Murder accused’s situation likened to that of Michael Corleone in Godfather III

Rihards Lavickis admits stabbing Akadiusz Czajkowski in Longford but denies it was murder

Rihards Lavickis admits stabbing Akadiusz ‘Arik’ Czajkowski  outside Longford Shopping Centre but  has pleaded not guilty to murdering him.

Rihards Lavickis admits stabbing Akadiusz ‘Arik’ Czajkowski outside Longford Shopping Centre but has pleaded not guilty to murdering him.


A barrister representing a man accused of murder has likened his client’s situation at the time of the killing to that of Michael Corleone in the Godfather III - a person who was trying to get out of crime but kept being pulled back in.

John Shortt SC was giving his closing speech in the trial of drug dealer Rihards Lavickis who fatally stabbed another drug dealer Akadiusz ‘Arik’ Czajkowski in in broad daylight outside Longford Shopping Centre.

Mr Lavickis (26), originally from Latvia but with an address at Annaly Court in Longford, has pleaded not guilty to murder but guilty to the manslaughter of the Polish father-of-two on November 1st, 2016 at Rue Noyal Chatillon, Townspark.

Mr Shortt reminded the Central Criminal Court jury of evidence that the accused owed the deceased money for drugs and that Mr Czajkowski had attacked his client with a knuckle duster months before the killing.

He recalled that the accused’s family’s window had been broken about five times during that time including in the early hours of that morning.

Mr Lavickis had called gardaí and nominated the deceased as a suspect. He told officers that he would ‘get him’ but was told they would deal with the issue.


However, the accused went out with a knife looking for the deceased. When he later saw him, he chased him and stabbed him three times. Mr Shortt argued that his client lacked the necessary intent to kill or cause serious injury at the time.

“If you were going to murder someone, it’s highly unlikely you’re going to set up the killing in broad daylight on a main thoroughfare,” he said. “Yes he ran at him with the knife. That does not either suggest that he intended to kill him or cause serious harm.”

Mr Shortt said that if the jury believed his client did have the necessary intention for murder, the members could then look at the issue of provocation, which could reduce murder to manslaughter if the accused completely lacked self control due to being provoked by the deceased.

He said that the drug debt had been reduced to a lesser sum on the basis that his client would not make a formal garda complaint about the knuckle duster incident. However, the deceased was not inclined to let go of this issue, he said.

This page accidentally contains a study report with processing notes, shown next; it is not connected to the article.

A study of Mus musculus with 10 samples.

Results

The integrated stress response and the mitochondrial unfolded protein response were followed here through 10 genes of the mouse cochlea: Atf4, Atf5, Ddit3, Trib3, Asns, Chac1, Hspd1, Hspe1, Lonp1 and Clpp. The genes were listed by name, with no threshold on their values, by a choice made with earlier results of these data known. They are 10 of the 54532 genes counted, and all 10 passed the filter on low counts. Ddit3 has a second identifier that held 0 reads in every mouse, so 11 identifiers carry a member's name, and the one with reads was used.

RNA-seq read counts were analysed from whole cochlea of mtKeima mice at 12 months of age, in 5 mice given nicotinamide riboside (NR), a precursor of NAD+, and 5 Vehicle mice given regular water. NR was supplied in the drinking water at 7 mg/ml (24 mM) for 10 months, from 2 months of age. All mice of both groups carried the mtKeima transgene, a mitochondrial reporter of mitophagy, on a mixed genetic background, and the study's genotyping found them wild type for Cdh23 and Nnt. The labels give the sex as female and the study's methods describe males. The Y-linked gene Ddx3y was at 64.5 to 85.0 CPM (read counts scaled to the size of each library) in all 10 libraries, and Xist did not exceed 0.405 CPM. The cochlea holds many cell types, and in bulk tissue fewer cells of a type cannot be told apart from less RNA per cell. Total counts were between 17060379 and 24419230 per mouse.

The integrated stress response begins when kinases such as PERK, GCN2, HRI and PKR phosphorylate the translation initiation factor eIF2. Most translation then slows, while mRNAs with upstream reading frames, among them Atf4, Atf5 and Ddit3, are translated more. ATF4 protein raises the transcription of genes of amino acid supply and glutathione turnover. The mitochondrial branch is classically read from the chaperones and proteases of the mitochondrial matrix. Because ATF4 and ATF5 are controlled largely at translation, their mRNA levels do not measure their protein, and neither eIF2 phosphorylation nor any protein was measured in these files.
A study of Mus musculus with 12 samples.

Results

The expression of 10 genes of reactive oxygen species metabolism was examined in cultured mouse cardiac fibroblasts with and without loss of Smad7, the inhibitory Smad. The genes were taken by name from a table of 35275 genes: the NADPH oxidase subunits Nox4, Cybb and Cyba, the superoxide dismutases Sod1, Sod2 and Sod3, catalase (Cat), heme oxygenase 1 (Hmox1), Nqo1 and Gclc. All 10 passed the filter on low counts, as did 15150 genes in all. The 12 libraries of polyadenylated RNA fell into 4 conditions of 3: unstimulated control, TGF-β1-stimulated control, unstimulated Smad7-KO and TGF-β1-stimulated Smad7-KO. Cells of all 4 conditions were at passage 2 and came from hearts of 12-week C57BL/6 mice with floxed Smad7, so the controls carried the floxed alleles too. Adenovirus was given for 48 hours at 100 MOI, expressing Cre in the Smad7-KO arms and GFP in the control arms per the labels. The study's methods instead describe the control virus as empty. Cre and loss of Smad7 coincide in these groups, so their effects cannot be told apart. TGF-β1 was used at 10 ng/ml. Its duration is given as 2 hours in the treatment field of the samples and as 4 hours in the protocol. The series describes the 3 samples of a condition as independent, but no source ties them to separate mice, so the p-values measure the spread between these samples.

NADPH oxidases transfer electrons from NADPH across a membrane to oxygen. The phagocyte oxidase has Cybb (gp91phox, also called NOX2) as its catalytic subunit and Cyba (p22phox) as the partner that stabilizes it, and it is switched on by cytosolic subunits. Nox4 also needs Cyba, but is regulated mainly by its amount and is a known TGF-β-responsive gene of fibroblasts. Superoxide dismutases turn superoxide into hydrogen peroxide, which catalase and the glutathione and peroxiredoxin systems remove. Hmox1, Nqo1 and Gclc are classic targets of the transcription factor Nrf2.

“It’s almost like the scene in the Godfather III, where Michael Corleone is sitting there. He’s trying to get out of crime but something’s happened and he says: ‘Just when I thought I was out, they pull me back in’.”

He asked the jury to reach a verdict of not guilty of murder but guilty of manslaughter.


Patrick McGrath SC, prosecuting, said that “if a person sticks a knife into the chest of another, then the natural and probable consequences are death or serious injury”.

“The presumption arises that the accused intended to cause death or serious injury,” he said, explaining that the intention to cause either of these was enough for murder.

“He went out with a knife, to take revenge on him for what he perceived he’d done to himself and his family,” he said of the accused.

“He ran across the road with the knife raised in an aggressive manner,” he continued, reminding the jury of the CCTV footage, which showed the chase but not the stabbing.

“He’s chasing after him to kill or cause serious injury.”

Mr McGrath said that taking the law into one’s hands, brooding over perceived wrongs and deciding to put an end to troubles was not provocation.

“He tells the gardaí that when the first two stab wounds didn’t seem to be working, he pushed it further in the next time, clear evidence of intention and preplanning, being in control of what he was doing and not being out of self control,” he said.

“When he pushes it in further. It’s planned and calculated. Because it is, whatever the background, it’s not provocation.”

He said that having a bad history with someone was not enough for provocation.

Mr Justice Michael White sent the jury out to consider its verdict on Wednesday afternoon and they will resume deliberations on Thursday.